AGU continued …

Today was a lot of talking and posters. Talking mostly about all things concerning Taupo and Okataina volcanism in New Zealand. Posters ran the spectrum from learning some nifty new tricks to extract zircon crystals from a crushed rock to what happens to clay when you breathe it into your lungs.
I also learned that being head of the Yellowstone Volcano Observatory take a level head and focus (so Supervolcano was a lot closer to the truth than many might think – well, minus the whole eruption).
Speaking of which, Chaiten continues to confound me. The first stuff out in the eruption was actually really crystal poor – something like <1% crystals, which is surprising for such an explosive eruption. Looks like Chaiten might be a once-in-a-century high silica rhyolite eruption … that doesn’t seem to end.


5 thoughts on “AGU continued …

  1. Hi all — thanks for the comments! I’ll have some cool new info on St. Helens and Chaiten sometime tomorrow (I hope) … I did have to miss the Alaska session, but there is only so much meeting one can take before your brain implodes.

  2. Many thanks for your blogging updates from the AGU meeting, Erik! Looking forward to more, especially on Chaitén and the Aleutian activity. And let’s not forget that recent Alu/Dalaffilla business in Ethiopia…

  3. Erik, I should have said if an earthquake compresses one area of the large magma chamber then I would be concerned about the pressure to be increased in the whole magma chamber. And so an earthquake in one area theoretically could cause an eruption anywhere above the “50km X 160km” chamber (the size of the Taupo chamber).

  4. hey Erik,
    great to see you blogging AGU!
    about chaiten, it’s not so surprising that it’s crystal poor and explosive, that’s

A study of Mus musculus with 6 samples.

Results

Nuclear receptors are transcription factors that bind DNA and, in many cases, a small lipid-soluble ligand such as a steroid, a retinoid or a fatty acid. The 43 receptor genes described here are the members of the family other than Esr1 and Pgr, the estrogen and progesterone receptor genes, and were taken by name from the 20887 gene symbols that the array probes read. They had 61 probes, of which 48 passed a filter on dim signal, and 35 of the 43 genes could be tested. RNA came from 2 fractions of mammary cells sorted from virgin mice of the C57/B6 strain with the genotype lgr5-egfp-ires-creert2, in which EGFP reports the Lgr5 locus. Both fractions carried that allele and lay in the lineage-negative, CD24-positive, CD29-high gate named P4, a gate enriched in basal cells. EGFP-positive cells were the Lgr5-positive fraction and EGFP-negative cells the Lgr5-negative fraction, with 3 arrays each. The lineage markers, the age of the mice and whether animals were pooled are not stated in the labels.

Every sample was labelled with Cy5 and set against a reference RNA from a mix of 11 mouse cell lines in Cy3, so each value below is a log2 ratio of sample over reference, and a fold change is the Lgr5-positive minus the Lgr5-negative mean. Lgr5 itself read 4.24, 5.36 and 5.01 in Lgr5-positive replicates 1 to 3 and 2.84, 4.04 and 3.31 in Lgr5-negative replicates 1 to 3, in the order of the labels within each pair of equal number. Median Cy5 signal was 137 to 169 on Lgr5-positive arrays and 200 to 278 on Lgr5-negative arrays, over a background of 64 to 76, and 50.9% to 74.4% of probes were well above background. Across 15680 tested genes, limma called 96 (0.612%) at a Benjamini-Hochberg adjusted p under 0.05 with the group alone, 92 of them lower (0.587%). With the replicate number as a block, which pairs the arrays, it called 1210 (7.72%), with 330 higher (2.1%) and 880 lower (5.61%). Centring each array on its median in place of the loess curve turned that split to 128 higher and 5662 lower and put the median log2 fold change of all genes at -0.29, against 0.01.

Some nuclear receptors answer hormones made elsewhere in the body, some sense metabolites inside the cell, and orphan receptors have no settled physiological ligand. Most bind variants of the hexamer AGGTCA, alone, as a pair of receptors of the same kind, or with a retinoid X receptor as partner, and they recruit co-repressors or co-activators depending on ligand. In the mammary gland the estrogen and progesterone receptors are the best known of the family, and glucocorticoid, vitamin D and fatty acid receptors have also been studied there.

actually quite common in other systems it’s size in the west US. my
    poster tomorrow will address this. please come by!

  5. The link below relates to Taupo and some caldera systems in general.
    The article in my link (immediately above) tells about a study that revealed a layer of molten rock 50km X 160km that underlies the region to the northeast of Taupo.
    Among other things the author wrote,
    ‘It was thought magma lurked in unconnected pockets under volcanoes and geothermal zones, said Hugh Bibby of GNS Science.
    But new measurements have revealed the molten rock lies across a zone 50 kilometres wide and 160km long, northeast of Taupo.
    “The key is that it is like a continuous film wetting the surface. The wet surface is right across the Taupo Volcanic Zone, not just little blobs under each geothermal system or volcano,” Dr Bibby said.’
    Eric, if an earthquake crimps one part of this huge magma source I’d fear it may cause a volcanic eruption at some other point in this large system.
    I’d like to see more investment in geology. These eruptions can be dangerous and troublesome for the entire world. If we appreciated the risks from caldera volcanoes we would probably maintain a world reserve food supply.
    And of course different areas will have different types of magma chambers. I’d be curious to learn how magma is dispersed under the Andes volcanoes.